How you answer this question determines, to a large extent, prospects and success in your occupational endeavours. It determines how your subordinates, associates and superiors see and value you. It determines your fulfilment and satisfaction at the work, as well as your self-image.
A story has been told about the attitudes of some three bricklayers. When asked, “What are you doing? the first bricklayer replied, “Laying brick.” The second answered, “I am making my daily N2000.” But the third said, “I am building the world’s greatest cathedral.” Obviously, the first two bricklayers lacked vision and respect for their job. They lacked what would enable them excel and record success.
Some workers think like those bricklayers. This why they never prosper in their jobs. They never see themselves moving up in their careers and becoming known as experts, specialists or consultants.
The way you think about your job tells a lot about you and your potential for higher responsibilities. Some workers dissociate themselves emotionally and spiritually from the business of the company. They always say “they” and never “we” to matters affecting the company. They do not demonstrate a sense of belonging.
If you think your present job is important, you put your mind and enthusiasm into it and, thus, open yourself to greater opportunities. The Bible says, “As a man thinketh in his heart, so is he…” (Proverbs 23:7). Your thought power directs you to become what you are. If you think you are weak, you are headed to weakness and mediocrity. Therefore, why not think, “My work is important. I am an important person.” Thinking this way will lead you to success. Your actions are controlled by your thoughts. And people judge your abilities by your actions.
In times of recession, employers lay off some of their staff, but they are careful not to lose their valuable staff, who respect and love their jobs and show it openly because such ones are productive. They are the ones who are concerned with the welfare of the company and proffer suggestions on how to improve the business. They are the ones who do not cause problems.
On the other hand, those that have negative attitude do not commit themselves to the work. They come late to work and leave before the closing time. They seek opportunity to chat with fellow workers and spend time on social media. They are the ones who are often absent for sickness or taking care of their personal matters.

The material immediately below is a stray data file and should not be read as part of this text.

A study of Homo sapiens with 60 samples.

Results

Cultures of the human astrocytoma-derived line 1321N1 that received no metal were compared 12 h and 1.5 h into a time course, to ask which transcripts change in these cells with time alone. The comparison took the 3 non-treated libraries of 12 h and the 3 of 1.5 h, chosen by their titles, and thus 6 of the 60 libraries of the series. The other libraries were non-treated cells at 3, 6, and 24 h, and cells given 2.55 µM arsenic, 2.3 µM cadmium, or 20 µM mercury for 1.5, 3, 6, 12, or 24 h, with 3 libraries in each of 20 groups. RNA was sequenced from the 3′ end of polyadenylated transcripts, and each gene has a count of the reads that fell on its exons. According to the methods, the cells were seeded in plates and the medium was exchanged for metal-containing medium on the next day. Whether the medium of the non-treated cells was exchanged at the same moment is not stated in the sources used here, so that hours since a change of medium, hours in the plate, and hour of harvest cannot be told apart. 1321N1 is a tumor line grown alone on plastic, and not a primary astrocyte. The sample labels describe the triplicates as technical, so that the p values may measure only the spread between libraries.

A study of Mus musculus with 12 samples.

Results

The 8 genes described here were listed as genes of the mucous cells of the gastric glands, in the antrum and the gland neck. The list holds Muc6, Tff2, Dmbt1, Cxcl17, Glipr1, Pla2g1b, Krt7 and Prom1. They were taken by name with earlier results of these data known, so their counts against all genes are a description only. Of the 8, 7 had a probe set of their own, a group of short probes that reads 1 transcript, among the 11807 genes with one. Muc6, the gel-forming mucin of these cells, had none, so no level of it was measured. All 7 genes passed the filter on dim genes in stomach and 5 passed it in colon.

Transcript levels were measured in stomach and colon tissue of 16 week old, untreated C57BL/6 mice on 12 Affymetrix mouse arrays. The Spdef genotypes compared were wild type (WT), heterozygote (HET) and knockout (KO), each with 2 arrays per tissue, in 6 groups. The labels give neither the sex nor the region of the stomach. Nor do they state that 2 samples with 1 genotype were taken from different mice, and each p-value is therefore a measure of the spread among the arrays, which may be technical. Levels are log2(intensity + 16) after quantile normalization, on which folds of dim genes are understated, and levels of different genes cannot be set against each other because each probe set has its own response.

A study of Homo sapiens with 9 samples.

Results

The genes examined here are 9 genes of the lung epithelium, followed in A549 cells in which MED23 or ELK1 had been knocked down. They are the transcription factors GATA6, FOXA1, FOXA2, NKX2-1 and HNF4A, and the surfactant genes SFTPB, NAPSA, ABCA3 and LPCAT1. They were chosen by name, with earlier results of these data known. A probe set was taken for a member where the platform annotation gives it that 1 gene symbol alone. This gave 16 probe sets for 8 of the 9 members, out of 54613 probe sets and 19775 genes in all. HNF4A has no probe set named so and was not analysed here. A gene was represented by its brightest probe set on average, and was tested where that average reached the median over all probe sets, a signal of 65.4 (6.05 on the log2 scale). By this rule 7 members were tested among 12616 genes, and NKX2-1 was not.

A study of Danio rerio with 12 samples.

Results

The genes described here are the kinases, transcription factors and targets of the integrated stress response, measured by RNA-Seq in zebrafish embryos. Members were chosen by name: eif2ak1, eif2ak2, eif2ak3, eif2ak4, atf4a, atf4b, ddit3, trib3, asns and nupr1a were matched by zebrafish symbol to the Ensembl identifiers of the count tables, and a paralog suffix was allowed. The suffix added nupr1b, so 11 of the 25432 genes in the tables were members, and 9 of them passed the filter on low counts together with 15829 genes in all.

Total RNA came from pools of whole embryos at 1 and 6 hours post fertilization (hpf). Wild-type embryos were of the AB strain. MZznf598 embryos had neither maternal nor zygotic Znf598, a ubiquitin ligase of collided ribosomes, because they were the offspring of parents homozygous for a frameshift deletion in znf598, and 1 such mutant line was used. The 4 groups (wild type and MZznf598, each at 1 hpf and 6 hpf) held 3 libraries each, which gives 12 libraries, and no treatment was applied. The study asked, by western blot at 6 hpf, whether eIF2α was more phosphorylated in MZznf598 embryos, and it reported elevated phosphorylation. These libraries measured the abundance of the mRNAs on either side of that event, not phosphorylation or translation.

The way we think about our work often influences the attitude of our subordinates. Many years ago, I was familiar with a company where the general manager grossly misused the company’s property. Apart from fiddling with cash, he carried some furniture and equipment and converted them for personal use in his house. He used the company staff to work in his house during office hours.
That manager was feared but not respected by the staff. The result of his influence was that some staff became unfaithful and dishonest. Some forged receipts for expenses; others stole materials like paper and sales stock of their products with the connivance of the security officers. They worked as if stealing was a part of the culture of the company.
Of course, that company could not live long. Generally, workers imitate their bosses. Where managers have negative attitude to their jobs, how can they expect their subordinates to act otherwise?
If you believe that your work is important then you must look important yourself. How you look on the outside affects how you think and feel on the outside. Your appearance talks to you; but it also talks to others. It helps determine what others think of you. People evaluate you on the basis of your appearance. It is the first basis for assessing you. First impression matters and lasts. It has been said that you are addressed the way you dress. Your comportment is also important.
I once had an appointment with a company manager I had not met before but only exchanged a few phone calls. On getting to the premises, the gateman asked me to wait. Within a few minutes someone walked from the office building towards the gate and welcomed me. The small stature of that Chinese, coupled with the way he casually dressed, made me assume that his boss had asked him to bring me in.
We entered the office block, passed the reception, the office of the personal secretary and then into an executive office. He sat down and signalled to me to have my chair. It was then I realised he was the person I had come to discuss with. He personally came to the gate because of the respect he had for me. But his humility, dressing and small stature caused me the confusion. That meeting failed to give me the expected result. In the first place, when he greeted me at the gate I did not respond with expected excitement of meeting him for the first time. That visit taught me some lessons on interpersonal relationship.